Friday, 15 June 2012

Dancing Across The Sinai

Cliches are not my style, so in claiming 'Holiday of a Lifetime' I am serious.

Ten days, in Egypt, with my Arabian Dance Class - it WAS incredible. The journey into the desert was eventful enough - the flight to Cairo within weeks of 9/11, for a while, seemed unlikely to happen at all.. From Cairo to Sharm-el-Sheik by minibus was more demanding on my tender rear than camel riding turned out to be. Fortunately.

The 'mock bedouin camp' hotel in S el S was a culture shock. I was propositioned by a young man who would have done most things for $10 ... I tried not to be REALLY shocked. I didn't know where to direct my anger, so I kept it to myself.

The Bedouin who hosted our group were commissioned by a charitable trust, and paid fairly.

'Day Three, 'Meet The Camels'.

So said the itinerary. Sinai camels, I was reassured, are gentle beasts, not like their vicious Sahara cousins. Fair enough - apart from a tendency to hang me up in thorny acacia trees as he reached for a snack, Azell and I got on well enough.

(I shall never forget the 'three lurch' mount-and rise motion. Lurch one, I scramble into the saddle and take up the reins. Lurch two, Azell raises himself up, from kneeling , onto his front feet, lurch three, Azell raises himself onto all fours, and with a little encouragement, we're off!)

For seven days Faranjela's clan pitched camp for the group, cooked for us and watched, amused, as we pursued our plans. Early each morning we would  rise at dawn and rehearse; an exotic addition to the spectacular desert scenery. We would then camel from place to place, going where all tourists do, then in the evenings we would dance, in costume, to oud and drum, round the camp fire.

I have clambered up ancient sand dunes, visited prehistoric villages, climbed Mount Sinai, danced with Bedouin women, bought countless beaded items, swam in the Red Sea and slept under the stars.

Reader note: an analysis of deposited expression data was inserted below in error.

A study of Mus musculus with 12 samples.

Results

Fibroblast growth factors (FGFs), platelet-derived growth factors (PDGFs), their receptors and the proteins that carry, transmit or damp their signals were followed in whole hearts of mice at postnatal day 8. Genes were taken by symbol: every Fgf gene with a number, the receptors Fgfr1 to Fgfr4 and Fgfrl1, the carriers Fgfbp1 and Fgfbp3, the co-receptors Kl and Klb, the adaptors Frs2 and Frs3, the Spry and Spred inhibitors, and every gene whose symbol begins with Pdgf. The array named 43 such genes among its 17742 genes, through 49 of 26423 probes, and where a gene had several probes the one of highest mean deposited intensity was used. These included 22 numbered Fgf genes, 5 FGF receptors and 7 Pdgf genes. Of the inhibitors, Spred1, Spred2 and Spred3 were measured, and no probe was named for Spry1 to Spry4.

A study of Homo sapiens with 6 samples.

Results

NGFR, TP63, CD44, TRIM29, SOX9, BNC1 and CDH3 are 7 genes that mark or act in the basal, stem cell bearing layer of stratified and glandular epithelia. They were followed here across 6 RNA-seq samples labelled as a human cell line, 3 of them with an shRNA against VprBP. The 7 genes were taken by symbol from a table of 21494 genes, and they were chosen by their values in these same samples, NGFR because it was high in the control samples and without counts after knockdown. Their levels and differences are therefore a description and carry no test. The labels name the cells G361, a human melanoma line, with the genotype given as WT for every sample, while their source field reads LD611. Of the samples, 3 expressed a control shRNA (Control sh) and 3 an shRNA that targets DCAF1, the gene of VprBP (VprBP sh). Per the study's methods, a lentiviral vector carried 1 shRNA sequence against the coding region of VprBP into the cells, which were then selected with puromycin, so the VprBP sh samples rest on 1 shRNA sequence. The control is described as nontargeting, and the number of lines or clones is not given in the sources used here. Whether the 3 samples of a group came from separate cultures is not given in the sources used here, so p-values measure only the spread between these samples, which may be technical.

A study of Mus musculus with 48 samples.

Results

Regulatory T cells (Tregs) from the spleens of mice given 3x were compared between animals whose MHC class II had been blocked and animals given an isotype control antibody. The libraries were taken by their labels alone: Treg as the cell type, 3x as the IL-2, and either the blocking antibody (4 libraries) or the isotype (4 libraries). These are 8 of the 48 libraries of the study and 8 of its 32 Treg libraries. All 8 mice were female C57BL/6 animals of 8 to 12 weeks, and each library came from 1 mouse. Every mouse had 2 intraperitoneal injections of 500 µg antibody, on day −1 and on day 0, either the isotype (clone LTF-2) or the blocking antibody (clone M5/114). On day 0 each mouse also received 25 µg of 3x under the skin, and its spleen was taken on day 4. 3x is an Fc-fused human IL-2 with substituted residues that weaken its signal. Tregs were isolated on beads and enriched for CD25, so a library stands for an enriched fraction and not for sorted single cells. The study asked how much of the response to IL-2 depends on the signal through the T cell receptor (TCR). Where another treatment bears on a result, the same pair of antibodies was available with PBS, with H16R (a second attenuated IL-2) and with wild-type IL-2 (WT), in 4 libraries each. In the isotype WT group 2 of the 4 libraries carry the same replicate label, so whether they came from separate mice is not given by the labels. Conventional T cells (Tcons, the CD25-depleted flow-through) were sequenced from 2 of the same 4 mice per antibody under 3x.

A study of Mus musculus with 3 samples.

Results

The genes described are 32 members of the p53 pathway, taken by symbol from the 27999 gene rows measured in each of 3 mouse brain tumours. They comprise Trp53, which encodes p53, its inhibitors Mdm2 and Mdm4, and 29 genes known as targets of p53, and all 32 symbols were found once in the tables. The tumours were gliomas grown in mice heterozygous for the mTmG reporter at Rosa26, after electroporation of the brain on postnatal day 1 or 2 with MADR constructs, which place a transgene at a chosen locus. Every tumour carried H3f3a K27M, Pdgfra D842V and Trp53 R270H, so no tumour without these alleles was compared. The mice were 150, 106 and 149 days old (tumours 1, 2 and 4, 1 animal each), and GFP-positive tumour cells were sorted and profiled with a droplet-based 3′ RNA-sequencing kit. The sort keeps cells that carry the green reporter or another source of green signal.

A friend told me before I went, that no-one returns from the desert the same person that entered it. It's true. It's true.

Wednesday, 13 June 2012

One of Those Days

In part to assuage my leftie conscience, partly as an expression of my wibbly-wobbly faith, I go out on the streets with Gloucester City Mission.

Today was hard. Today was the day I would have chosen to take the street people's elected representative out with me for an appreciation of how the bottom third live.

Some of it's good. The Day Centre for the homeless is bright and comfortable with facilities for making drinks, and occasional meals.Today, a nurse was visiting, checking on the expectant mothers, dispensing prescriptions... .

Some, not all. Marta is heartbroken because her partner Vlad drowned in the canal last week. She has so little English that reporting him missing was almost impossible. And what does she do now? She's destitute, lives in a tent, has no money to bury her dead. I am told that street people who die often spend months in the morgue while bureaucrats wrangle over who pays for the funeral. The cost of a funeral is less than that of keeping a body on ice for six months. But hey! The paperwork 's in order.

Dave has osteoporosis and lung disease. He has a debilitating condition brought on by a wheat allergy, that is still in the process of being diagnosed. He is depressed and anxious because he was declared fit for work last week by a doctor who's name he doesn't know, who couldn't even offer the dignity of politeness. His own doctor testifies that Dave is unfit, but - what would he know?

You should have seen the appeal I wrote - stuffed with facts the State doctor should have known, or should have taken into account. I used long words and proper punctuation. I was polite.

Well, I have returned to my beautiful home ten miles from the city centre. I guess after a glass of wine and a good meal, I shan't mind quite so much.